1-Mattis Justo Quam
1-consectetur. Curabitur blandit tempus porttitor. Praesent commodo cursus magna, vel scelerisque nisl consectetur et. Duis mollis, est non commodo luctus, nisi erat porttitor ligula, eget lacinia odio sem nec elit.
Last Call for “Clippings and Curry”
As the holiday season ramps up, Kohl Gallery offers a serene escape with a thought-provoking exhibit of works by two Baltimore artists and friends, running through Dec. 9.
The latest exhibition in Kohl Gallery, “Clippings, Voids & Banana Curry,” features the work of painter and collage artist Jo Smail and painter and photographer Paul Jeanes.
Smail’s works are reminiscent of scrapbooks, recovered family keepsakes presented in collages of handwritten recipes, old news clippings, address labels and envelope scraps. Artfully torn paper reveals ads and other commentary on women’s domestic roles while the affront of ’50s and ’60s apartheid South Africa, Smail’s native country, claimed national attention. With such titles as “Mushroom and Meat Salad” alternating with “Contract Bridge/A Labour Crisis,” the pieces invite viewers to examine every detail, from instructions for Great Grannys Cheese Straws to a timely 1967 clip reporting, “Nationalism continues to reap the seeds of its own sowings.” The juxtaposition speaks volumes in a series of dimensional vignettes as tiny as 4-by-6 inches.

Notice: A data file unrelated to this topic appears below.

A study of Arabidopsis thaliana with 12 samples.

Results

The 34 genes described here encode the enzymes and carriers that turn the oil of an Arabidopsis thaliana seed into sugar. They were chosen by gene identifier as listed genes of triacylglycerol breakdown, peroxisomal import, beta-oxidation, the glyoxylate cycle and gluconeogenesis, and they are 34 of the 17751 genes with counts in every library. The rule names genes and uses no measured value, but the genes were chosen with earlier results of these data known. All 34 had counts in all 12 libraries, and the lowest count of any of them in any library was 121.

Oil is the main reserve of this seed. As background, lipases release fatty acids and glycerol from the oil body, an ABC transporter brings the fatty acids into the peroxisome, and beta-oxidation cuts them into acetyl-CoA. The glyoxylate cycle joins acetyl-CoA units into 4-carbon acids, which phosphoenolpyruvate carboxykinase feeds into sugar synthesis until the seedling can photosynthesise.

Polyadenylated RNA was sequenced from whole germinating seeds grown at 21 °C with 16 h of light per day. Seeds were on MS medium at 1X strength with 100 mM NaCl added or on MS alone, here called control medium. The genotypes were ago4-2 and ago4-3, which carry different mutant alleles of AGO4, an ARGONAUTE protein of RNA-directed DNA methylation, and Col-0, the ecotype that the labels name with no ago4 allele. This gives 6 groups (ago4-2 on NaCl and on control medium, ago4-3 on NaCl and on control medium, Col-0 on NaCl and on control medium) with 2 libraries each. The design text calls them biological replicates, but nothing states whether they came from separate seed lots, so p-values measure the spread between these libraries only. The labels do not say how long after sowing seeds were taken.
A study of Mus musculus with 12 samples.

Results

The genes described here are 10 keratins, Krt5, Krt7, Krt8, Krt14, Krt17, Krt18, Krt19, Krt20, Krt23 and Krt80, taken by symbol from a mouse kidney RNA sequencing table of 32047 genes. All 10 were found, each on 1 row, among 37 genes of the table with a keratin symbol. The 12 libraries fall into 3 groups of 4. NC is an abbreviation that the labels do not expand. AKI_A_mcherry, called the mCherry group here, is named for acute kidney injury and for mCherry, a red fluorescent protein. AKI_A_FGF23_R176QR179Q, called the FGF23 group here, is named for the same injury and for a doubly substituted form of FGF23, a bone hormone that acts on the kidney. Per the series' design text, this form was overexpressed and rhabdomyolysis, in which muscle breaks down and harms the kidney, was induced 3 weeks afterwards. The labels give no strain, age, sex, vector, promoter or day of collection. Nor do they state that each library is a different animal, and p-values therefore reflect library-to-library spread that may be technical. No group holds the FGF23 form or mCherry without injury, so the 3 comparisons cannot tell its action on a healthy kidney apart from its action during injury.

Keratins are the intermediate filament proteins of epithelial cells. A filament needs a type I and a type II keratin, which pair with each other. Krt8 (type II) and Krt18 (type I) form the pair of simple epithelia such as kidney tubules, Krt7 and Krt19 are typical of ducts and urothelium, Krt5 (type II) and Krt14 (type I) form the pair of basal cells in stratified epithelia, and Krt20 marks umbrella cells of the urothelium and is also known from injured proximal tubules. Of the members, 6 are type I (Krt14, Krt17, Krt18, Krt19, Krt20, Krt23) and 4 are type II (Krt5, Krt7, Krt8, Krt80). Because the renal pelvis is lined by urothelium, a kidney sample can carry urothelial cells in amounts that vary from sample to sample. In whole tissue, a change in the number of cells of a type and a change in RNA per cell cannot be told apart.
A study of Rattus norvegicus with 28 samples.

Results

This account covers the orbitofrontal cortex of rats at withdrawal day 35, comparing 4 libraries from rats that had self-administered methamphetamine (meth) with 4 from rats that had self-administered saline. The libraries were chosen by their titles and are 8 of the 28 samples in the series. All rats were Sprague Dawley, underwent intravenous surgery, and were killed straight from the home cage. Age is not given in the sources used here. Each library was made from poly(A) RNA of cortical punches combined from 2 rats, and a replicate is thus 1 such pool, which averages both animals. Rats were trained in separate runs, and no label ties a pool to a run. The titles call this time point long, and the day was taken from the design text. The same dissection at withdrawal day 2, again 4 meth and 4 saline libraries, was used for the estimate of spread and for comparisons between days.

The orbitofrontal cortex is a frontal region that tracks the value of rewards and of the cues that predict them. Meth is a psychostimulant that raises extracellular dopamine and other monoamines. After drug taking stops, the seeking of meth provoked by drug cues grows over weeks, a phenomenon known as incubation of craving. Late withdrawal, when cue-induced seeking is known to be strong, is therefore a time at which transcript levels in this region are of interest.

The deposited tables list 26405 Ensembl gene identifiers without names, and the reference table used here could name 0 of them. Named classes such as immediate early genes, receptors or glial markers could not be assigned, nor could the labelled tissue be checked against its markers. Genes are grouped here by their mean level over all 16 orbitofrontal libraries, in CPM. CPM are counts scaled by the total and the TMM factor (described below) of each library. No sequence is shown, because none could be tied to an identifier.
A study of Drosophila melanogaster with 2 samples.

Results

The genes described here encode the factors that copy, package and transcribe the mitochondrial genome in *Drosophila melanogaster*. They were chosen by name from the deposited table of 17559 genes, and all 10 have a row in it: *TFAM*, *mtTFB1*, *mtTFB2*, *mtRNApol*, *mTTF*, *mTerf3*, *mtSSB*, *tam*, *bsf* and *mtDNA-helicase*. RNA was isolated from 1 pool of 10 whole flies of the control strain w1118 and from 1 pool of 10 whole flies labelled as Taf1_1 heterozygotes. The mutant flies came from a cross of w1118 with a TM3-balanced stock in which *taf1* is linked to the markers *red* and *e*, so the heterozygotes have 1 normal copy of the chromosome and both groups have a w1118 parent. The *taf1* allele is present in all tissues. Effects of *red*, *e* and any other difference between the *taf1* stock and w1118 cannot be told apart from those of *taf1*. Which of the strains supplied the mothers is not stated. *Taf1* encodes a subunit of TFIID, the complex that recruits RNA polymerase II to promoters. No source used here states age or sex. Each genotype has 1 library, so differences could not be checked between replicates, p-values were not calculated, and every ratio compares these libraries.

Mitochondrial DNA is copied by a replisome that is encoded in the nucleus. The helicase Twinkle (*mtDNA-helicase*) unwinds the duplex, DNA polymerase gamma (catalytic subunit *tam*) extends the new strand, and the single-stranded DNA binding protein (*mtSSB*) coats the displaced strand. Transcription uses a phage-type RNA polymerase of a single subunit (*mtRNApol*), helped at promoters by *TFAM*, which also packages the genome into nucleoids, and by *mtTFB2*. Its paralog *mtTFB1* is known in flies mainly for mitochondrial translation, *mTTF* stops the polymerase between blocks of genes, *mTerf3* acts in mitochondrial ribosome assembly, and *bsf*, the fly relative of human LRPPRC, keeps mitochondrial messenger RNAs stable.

Jeanes’ work, in contrast, is nearly floor-to-ceiling, geometric and stark, with light shapes against dark backgrounds suggesting openings – the “voids” of the exhibition title – one can imagine walking through. Smaller works resemble windows or fragments of illumination offering escape or invitation. The pieces diverge sharply from Smail’s in both scale and style, making the unlikely friendship between the two artists all the more intriguing. Their bond, formed while both taught at the Maryland Institute College of Art, made for a relaxed, interactive “gallery conversation” with attendees at the opening event in November.
“These are two artists who have known each other for a long time and forged a significant friendship,” says Julie Wills, assistant professor of studio art and the gallery’s interim director. “The work, visually, is very different. So some of the programming we’ve built around this show is about how artists work and interact with one another, and how those interactions shape what they’re curious about.”
The Baltimore Museum of Art recently announced plans for a lifetime retrospective exhibit of Smail’s work in 2020. “Having this important artist’s work on view represents a real coup for Washington College,” Wills says. “It’s a very contemporary exhibit for the College, reminiscent of a museum exhibit. There’s a visual language that’s cool and serene. There are elements that are really playful, but it feels a bit like a sanctuary.”